Just a few years ago, tablets running mobile operating systems were all the rage. Apple’s iPad kicked off the modern tablet and dominated the market for a couple of years, with Android tablets following along. Meanwhile, PC sales were stagnating, leading Microsoft to combat iOS and Android with its own Windows-based Surface 2-in-1s.
Microsoft’s mantra was productivity, highlighting how the Surface Pro was a “real” Windows PC that can run full-featured desktop apps while still providing tablet-like convenience. Fast forward to Mobile World Conference (MWC) 2017, and it appears that at least two other vendors, Samsung and Lenovo, agree with Microsoft’s basic premise, as Computerworld reports.
While Samsung and Lenovo both launched Android tablets at MWC 2017, they nevertheless put more emphasis on their Windows 10 2-in-1 offerings. In short, Microsoft’s strategy of demonstrating to its original equipment manufacturer partners — and to the market in general — that Windows 10 offers some real productivity benefits seems to be working.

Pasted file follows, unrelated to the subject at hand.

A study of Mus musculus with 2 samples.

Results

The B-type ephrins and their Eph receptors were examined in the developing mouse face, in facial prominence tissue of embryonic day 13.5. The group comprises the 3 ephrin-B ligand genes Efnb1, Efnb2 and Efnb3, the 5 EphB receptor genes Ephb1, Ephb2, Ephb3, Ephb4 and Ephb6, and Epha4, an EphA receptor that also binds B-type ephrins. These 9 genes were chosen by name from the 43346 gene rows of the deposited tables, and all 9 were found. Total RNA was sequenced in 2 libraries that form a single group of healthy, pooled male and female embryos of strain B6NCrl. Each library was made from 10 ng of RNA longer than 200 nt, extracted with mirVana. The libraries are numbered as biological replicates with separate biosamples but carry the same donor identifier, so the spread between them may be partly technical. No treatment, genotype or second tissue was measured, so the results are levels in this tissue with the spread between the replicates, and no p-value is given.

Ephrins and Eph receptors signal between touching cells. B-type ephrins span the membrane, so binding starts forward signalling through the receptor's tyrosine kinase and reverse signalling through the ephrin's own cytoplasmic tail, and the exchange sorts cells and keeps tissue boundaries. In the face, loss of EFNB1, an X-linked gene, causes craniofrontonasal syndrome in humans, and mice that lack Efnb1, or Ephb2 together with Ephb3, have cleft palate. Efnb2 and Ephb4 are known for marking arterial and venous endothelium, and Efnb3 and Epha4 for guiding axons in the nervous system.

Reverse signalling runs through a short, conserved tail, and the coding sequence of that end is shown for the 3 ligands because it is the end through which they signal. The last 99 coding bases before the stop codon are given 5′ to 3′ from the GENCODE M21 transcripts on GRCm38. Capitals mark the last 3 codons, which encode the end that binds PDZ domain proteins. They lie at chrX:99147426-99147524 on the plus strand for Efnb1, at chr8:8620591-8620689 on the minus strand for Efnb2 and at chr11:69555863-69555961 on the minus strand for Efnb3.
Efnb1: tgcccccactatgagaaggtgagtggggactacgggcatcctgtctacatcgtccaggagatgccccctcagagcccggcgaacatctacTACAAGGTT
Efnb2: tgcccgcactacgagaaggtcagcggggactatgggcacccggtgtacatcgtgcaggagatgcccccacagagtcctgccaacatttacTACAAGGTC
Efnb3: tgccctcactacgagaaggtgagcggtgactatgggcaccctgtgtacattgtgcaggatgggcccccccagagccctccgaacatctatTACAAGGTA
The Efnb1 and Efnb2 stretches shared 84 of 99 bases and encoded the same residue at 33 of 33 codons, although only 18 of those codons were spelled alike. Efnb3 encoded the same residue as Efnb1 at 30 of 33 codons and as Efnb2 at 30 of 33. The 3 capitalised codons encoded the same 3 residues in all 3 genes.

The Samsung Book comes in 10.6-inch and 12-inch screen sizes with detachable keyboards, and uses the Samsung S Pen and Flow application to bring its own productivity flavor to Windows 10 tablets. Lenovo, for its part, stressed its new Miix 320 detachable and its Yoga 720 and 620 convertible 2-in-1s. Both companies were vocal about their beliefs that products need to be truly productive in order to meet customer needs.
Speaking about Android specifically, Jeff Meredith, vice president and general manager of Lenovo’s Android and Chrome Computing Business Groups, said, “We’re facing a product that needs to redefine itself in an environment in which its core advantages are being squeezed in from” 2-in-1 devices and tablet-phone hybrids called phablets.
According to Eric McCarty, Samsung’s VP of Mobile Product Marketing, 60 percent of 2-in-1 tablets with detachable keyboards run Windows, with the potential for a significant 140 percent year-over-year growth rate. Much of that growth, according to McCarty, will come from increasing the mobile productivity of office workers.
If PCs are going to stem the years of declining sales and stagnation, which seems a distinct possibility given recent numbers hinting that PC sales could recover soon, it could be 2-in-1s leading the way. At the very least, Android and iPad sales will likely continue to flounder, replaced by the growing number of Windows 10 2-in-1s hitting the market and following Microsoft’s lead with its successful Surface line.